Fair use policies are fairly common among internet providers and they exist to ensure a high quality of service for all customers.
In the case of a broadband supplier, they are to prevent a small minority of users from over-consuming the collective bandwidth that all other customers must share.
Because of the way that we operate our hosting service, we don't need to worry too much about bandwidth, but we do need to keep one eye on the amount of server space that our customers use.
For this reason, we apply a generous storage quota of 10GB for every school website and as a loyalty reward, we increase this amount by 1 GB every year.
This natural increase ensures that a school is unlikely to outgrow their quota.
Extra storage is cheap and costs only £5 per GB per year. But please bare in mind that high resolution photos will consume more storage than normal digital photographs.
There is a but!
Self-hosted video is a different matter, and is not included in the quota because it has the potential to consume huge amounts of storage space and can also require intensive processing which can slow down a server.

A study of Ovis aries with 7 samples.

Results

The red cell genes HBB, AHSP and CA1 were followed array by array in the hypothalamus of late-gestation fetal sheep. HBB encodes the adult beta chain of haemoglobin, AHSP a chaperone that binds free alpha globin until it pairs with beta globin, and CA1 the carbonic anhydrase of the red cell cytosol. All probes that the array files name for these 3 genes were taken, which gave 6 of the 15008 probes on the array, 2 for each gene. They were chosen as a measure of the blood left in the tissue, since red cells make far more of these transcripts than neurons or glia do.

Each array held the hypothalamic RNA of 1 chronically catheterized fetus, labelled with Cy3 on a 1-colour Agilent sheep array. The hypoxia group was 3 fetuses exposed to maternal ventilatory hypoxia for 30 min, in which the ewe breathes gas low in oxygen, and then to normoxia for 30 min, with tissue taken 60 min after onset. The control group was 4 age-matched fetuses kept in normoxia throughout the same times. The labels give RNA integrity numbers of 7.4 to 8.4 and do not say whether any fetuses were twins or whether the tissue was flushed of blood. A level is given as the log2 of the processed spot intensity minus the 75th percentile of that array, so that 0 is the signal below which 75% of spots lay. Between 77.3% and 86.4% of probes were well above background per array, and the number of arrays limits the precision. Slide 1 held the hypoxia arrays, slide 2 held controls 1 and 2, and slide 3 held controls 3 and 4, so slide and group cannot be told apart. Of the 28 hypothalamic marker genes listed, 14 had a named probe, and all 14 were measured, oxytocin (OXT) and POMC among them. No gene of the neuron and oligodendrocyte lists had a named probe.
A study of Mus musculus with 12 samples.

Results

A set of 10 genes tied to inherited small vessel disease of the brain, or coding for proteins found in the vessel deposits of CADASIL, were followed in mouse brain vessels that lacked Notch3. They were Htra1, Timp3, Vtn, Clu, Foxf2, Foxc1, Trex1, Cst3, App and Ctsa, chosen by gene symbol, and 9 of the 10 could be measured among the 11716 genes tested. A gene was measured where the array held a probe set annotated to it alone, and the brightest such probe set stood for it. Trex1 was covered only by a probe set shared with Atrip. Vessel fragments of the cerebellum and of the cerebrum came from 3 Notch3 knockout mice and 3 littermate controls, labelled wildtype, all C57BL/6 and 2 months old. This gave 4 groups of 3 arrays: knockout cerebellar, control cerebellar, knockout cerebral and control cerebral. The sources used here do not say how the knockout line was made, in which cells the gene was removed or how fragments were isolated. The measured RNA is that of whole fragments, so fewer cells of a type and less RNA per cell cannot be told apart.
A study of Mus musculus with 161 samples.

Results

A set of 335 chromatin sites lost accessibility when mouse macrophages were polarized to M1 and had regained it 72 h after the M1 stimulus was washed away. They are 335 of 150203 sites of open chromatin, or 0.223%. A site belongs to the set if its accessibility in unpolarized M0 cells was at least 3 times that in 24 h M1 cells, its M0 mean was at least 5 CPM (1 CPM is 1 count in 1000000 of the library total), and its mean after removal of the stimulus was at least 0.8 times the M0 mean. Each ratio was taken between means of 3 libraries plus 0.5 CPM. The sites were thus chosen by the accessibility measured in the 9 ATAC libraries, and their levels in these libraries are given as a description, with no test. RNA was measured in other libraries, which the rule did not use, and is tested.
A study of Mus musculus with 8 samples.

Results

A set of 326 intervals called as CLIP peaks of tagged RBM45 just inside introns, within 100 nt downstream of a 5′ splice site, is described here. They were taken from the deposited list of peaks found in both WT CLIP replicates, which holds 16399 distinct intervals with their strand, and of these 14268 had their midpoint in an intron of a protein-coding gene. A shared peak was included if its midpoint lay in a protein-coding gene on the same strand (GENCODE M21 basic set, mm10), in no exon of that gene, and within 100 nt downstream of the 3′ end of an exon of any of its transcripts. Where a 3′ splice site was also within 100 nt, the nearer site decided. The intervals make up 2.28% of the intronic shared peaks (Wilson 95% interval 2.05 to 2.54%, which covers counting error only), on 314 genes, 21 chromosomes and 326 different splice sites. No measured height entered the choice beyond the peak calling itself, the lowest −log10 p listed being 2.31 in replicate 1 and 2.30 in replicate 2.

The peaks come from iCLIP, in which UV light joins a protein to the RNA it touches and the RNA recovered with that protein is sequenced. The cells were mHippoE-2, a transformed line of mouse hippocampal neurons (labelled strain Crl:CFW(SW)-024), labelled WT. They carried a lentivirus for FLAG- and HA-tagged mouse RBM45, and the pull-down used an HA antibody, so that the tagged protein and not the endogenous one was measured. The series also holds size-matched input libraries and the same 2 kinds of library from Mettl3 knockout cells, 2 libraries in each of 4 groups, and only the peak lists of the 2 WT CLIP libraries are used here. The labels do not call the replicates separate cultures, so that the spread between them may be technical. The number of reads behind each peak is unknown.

Public videos hosted on YouTube or Vimeo are nativley supported by our system at no additional cost.
You can also upload video to OneDrive, Google Drive or Dropbox and then show the video with an iframe or share link. As with YouTube and Vimeo, this method attracts no additional charges.
However, please be aware that most hosted video services including Facebook, Vimeo and YouTube are subject to GDPR rules and you should take legal advice if unsure.
How big is a one minute high definition video?
Most modern smart phones are capable of shooting high definition (HD) video.
A one minute HD video requires approximately 150MB of storage. So 10 minutes of HD video requires at least 1.5GB of permanent storage space.
Technology continues to evolve, so please bare in mind that a 4K video is 4x larger than a HD video.
Moreover. For every video that is uploaded, multiple copies of it are automatically generated, to cater for different screen sizes and bandwidth situations.
The eventual storage requirement will therefore be greater than that of the original upload.
What is meant by high resolution photos?
Modern cameras and mobile phones usually work at a resolution of between 72 and 144 ppi (pixels per inch).
This pixel density displays good pictures on any screen size, whether it is a mobile phone or a high definition TV.
However, a professional photographer may sometimes require that pictures are of 300 ppi or more, for high quality prints, or if a picture is required for large format printing, such as with a banner or wall board.
The problem is that 300 ppi photos require almost 16x the storage space of a 72 ppi picture, when reproduced at the same physical size.
This is another reason for our fair use policy for storage.